Hong Kong during the 1970s
On 1 July, Hong Kong marks the 10th anniversary of its return to Chinese rule after 156 years of British administration.


Ken Wai
We worked hard to survive and we did better than most countries around us
I was born in Hong Kong 70 years ago. I lived in Kennedy Terrace. As the last colony, Hong Kong marked the end of the colonial era.

Hong Kong has seen many changes. The Japanese came here when I was only four years old. They took over the city, and with it - the big beautiful building that was our home.

We were driven out. They didn't care where we went. We went to Macau. I was away for many years. I returned home in 1972.

I returned to Hong Kong as I wanted to find my way. You try, you fail, you wipe your tears and sweat and try again. Everyone has had a hard time but we have tried to establish ourselves and find our own way. That's how I believe Hong Kong has managed to prevail over the years.

We never had protection and protective tariffs. We had to work hard to survive and yet somehow we did better than most countries around us.

When I returned in the 1970s, that was when Hong Kong started major changes. It was the end of the cultural revolution in China. China was very poor at that time and a lot of people came here, which meant that Hong Kong had low cost labour.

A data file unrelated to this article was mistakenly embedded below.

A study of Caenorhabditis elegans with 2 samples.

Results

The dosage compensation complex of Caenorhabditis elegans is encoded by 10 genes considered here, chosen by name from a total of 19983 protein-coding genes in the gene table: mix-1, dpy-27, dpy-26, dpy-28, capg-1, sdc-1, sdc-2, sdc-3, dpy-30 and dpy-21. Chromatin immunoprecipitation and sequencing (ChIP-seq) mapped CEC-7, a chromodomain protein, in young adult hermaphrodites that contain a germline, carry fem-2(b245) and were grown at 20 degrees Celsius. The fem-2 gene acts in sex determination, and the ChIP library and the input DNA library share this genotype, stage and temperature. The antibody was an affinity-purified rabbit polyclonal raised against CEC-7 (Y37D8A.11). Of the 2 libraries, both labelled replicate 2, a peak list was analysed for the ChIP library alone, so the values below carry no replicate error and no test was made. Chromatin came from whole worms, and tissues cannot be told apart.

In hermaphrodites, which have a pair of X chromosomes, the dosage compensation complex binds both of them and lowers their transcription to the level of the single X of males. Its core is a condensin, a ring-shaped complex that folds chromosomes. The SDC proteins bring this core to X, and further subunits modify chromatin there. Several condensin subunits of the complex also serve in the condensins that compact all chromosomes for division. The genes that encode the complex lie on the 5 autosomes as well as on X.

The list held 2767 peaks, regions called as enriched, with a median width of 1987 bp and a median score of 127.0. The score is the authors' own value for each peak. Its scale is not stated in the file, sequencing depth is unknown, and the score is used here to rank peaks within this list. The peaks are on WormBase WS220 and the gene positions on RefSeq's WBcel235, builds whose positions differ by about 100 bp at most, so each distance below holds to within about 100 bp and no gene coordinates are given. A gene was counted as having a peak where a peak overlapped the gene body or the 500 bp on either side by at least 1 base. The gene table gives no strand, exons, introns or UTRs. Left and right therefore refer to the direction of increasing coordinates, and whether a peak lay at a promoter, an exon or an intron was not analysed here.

Everything started booming. Export was good and the governor at that time introduced a lot of social changes. Murray MacLehose was a remarkable governor.

He intensively promoted the building of more government-subsidised houses and introduced a sense of social equality.


Sergeant Yembir Gurung
My life as a British soldier in Hong Kong was very hard
Hong Kong has changed very quickly but has been a good place for me. People have more freedom these days than those under British rule.

I joined the British Army in 1972 and completed my training in Hong Kong. I then enlisted with the Queen's Gurkha Signals Regiment and retired as a Sergeant in 1988.

I trained as an electrician in the army and now work for a company that specializes in providing lighting and power supplies for big events like trade fairs and concerts.

My life as a British soldier in Hong Kong was very hard. When I think back to the past, I don't know why I joined the army.

We had community projects when stationed in the Shek Kong Barracks although we didn't have much contact with civilians.

It was much busier back then and there was a weekend bazaar. Now, under the Chinese People's Liberation Army it is much quieter - which makes me feel sad every time I go pass it on the bus.